Revised Common Lectionary Page for 5 September 2010 (15th Sunday after Pentecost, Year C)

Jeremiah 18:1-11 and Psalm 139:1-6, 13-18Deuteronomy 30:15-20 and Psalm 1Philemon 1-21Luke 14:25-33

As I’ve mentioned before, I have preached in my lifetime somewhere in the neighborhood of a hundred sermons over a span of about fifteen years.  That’s not to say that I’m any good at it, but I have spent my hours writing sermons, about thirty of them between the years 2000 and 2002 and the rest before and after that span.  I won’t claim to be a good preacher, but I will say that preaching has, more than anything else that I’ve done or read, affected the way that I interpret the Bible.  I did not take any preaching courses in college or seminary (and I kick myself for that omission whenever I have to prepare a sermon), but in Bible classes and in round-table discussions and in books about preaching (I’ve read a dozen or so of those) I become convinced fairly early in that process that preaching a paragraph of the Bible rather than a shotgun-scatter array of proof-texts is more faithful to the Bible than so-called “topical” sermons.

I note those things because, over fifteen years of preaching paragraphs of Scripture, I’ve become more and more convinced that what Walter Brueggemann calls the “theological datum” is what makes preaching such an interesting enterprise.  The theological datum presupposes a theology that puts the text of the Bible at the unchallenged center of the theological enterprise, and it refers to those moments in the Scriptures which cause disruptions in a system, be that system Deuteronomic curse-and-blessing historigraphy, the sapiential cause-and-effect of Proverbs, or (in the case of these texts from Deuteronomy and Jeremiah) accounts of divine providence that assume an entirely unilateral scheme of history, God pronouncing on Jacob and Esau arbitrarily and then pronouncing on everybody else with the same sort of arbitrary favor and disfavor.  To take this Jeremiah text seriously, to take it as a theological datum, means to allow that, at one moment at least in Israel’s journey as worshipers of YHWH, they took YHWH to be offering them genuine agency in their rise and fall.

The theological datum, of course, is not the only option that an interpreter of Scripture has in the face of such texts.  Certainly theologians, faced with this sort of passage, have shown themselves more than willing to let a hermeneutical trick govern the reading and keep the most obvious sense of the grammar and vocabulary to have any force.  Perhaps this allowance of agency is a mere anthropomorphism, or perhaps YHWH sets this possibility before Israel not in earnest but knowing all along (and in most such accounts foreordaining) that they should take another path and face destruction.  In such accounts, strangely enough, such theologians will usually blame Israel for taking the path that they could not but take.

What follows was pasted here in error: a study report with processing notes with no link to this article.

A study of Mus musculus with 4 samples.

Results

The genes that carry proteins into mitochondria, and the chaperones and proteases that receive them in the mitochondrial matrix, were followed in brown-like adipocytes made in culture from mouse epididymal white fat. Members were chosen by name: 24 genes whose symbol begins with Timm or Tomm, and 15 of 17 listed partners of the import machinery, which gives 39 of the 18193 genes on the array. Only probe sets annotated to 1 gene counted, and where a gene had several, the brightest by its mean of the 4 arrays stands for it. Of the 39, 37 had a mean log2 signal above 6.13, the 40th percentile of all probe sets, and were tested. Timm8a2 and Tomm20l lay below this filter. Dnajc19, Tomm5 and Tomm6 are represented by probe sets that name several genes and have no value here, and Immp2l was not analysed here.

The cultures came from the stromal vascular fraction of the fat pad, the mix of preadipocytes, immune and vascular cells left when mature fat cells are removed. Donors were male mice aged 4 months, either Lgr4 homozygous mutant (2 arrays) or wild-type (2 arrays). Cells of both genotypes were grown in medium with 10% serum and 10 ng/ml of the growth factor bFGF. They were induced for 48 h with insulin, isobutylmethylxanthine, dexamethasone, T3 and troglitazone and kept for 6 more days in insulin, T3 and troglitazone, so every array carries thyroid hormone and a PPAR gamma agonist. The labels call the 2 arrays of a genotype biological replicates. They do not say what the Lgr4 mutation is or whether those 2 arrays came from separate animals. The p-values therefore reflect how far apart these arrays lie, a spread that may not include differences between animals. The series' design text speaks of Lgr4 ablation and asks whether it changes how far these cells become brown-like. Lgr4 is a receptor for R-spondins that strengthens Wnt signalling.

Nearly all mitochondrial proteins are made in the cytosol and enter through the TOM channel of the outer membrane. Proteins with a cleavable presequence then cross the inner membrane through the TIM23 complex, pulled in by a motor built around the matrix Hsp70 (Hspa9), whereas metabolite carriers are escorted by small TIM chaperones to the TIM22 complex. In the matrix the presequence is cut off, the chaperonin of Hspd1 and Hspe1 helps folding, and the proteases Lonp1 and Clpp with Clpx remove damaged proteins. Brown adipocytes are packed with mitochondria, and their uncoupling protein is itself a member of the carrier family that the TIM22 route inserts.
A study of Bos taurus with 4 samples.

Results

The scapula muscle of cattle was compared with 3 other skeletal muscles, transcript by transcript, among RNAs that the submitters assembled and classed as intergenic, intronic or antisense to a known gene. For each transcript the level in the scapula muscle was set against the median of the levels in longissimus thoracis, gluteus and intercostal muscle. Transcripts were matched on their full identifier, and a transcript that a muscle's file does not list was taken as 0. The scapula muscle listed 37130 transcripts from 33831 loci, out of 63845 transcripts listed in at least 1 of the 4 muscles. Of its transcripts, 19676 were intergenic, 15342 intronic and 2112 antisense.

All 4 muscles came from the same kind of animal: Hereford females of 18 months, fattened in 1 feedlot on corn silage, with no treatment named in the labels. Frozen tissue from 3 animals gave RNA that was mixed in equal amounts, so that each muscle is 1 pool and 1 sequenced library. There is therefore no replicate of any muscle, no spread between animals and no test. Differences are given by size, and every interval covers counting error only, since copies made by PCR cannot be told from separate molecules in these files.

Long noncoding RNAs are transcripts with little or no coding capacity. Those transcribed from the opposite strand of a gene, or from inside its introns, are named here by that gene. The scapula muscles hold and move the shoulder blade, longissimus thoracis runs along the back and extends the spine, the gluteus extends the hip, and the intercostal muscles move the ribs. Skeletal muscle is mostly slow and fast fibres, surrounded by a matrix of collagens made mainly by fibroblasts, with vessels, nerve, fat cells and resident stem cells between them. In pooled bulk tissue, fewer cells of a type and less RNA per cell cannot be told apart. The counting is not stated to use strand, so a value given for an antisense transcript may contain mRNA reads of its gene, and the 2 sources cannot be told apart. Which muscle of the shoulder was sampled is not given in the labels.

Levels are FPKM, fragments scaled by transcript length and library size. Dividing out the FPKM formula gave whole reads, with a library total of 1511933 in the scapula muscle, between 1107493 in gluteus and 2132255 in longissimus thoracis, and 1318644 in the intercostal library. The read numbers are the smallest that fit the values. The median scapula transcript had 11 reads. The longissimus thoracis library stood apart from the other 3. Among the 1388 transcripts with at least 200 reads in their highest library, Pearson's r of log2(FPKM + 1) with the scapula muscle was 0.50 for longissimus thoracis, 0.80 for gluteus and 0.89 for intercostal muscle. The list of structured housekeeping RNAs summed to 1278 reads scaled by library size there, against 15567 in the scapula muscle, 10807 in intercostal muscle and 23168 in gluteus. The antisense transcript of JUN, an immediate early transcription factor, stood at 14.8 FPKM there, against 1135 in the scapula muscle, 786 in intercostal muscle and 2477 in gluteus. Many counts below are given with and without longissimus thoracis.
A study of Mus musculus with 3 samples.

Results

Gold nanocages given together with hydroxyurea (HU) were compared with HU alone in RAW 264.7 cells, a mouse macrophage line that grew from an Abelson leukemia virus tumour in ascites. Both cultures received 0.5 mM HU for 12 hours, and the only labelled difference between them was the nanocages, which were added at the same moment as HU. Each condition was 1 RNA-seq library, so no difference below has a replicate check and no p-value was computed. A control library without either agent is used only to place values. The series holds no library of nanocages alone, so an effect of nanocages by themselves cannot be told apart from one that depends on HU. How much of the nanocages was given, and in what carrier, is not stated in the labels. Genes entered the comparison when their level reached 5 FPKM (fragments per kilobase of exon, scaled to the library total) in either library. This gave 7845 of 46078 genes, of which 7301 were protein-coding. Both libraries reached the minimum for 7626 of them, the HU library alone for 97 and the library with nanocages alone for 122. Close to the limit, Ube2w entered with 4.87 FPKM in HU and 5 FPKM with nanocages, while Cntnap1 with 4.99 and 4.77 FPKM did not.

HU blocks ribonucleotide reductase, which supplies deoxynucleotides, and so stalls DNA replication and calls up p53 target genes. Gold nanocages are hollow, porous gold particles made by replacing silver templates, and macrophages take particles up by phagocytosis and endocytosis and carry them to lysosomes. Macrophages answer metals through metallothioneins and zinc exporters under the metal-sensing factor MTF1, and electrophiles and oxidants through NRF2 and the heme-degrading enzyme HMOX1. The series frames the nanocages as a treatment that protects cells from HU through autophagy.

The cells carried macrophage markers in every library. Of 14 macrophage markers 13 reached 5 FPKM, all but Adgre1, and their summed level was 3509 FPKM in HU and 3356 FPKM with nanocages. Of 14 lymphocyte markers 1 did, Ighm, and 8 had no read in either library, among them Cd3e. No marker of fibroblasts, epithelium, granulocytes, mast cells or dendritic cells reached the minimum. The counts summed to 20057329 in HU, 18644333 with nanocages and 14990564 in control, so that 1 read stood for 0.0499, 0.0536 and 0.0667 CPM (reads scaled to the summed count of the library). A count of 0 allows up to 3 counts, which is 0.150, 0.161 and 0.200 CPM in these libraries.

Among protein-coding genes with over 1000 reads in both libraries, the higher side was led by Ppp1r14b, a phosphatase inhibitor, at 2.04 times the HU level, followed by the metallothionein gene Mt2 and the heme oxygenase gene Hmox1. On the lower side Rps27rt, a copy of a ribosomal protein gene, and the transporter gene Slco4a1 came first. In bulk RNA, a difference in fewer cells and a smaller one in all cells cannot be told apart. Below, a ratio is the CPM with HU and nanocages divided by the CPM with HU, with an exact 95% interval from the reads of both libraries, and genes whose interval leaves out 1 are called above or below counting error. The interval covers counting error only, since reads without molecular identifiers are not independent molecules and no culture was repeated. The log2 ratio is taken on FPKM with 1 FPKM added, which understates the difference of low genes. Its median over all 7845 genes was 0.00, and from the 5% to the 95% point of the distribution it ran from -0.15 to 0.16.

I put my favorite figure of the Continental Reformations on this post because, in my view, his humble reading of such passages continues to be the most compelling.  To paraphrase Erasmus, if an imperative occurs in the text of the Bible, unless there’s a very good reason nearby in the text to suppose otherwise, one should read it as an imperative, a command that assumes the possibility that the hearer of the command might in fact carry the command out.  And in cases of conditional constructions, one should assume that YHWH actually means to point to genuinely possible conditions.  Alas, when Erasmus articulated this reading in a dispute with Martin Luther, most Church historians give the match to Luther.  I can only assume that his innovative hermeneutics, theatrics, verbal abuse, and sheer copiousness of words win the bout, because his approach to such texts is to assume that every such conditional or imperative construction in the Bible is a sort of trick on God’s part, a trick whose aim is to render even one’s understanding of the text of the Bible suspect, a move God makes in turn for the sake of rendering despair in the reader.  (When the Bible supports Luther’s point, he’s far more confident of its clarity, but that’s for another discussion.)

But the text as it stands, taken to mean what it seems to mean on a first reading, presents a certain compelling beauty that such a trickster-hermeneutic lacks, a vision of YHWH extending forgiveness and the dignity of grasping that forgiveness to Israel.  Certainly nobody reading this passage could maintain with any seriousness that turning from Israel’s evil will make God like Israel more–one does not offer such reinstatement to those not already beloved–but nonetheless Israel remains a genuine character in the story, no mere parable or plot device, and this English teacher and occasional preacher and Erasmean just prefers to read things that way.

May we continue to press each other’s theological systems, always open to hear our own pressed, and may God bless and forgive our efforts to proclaim God’s gospel.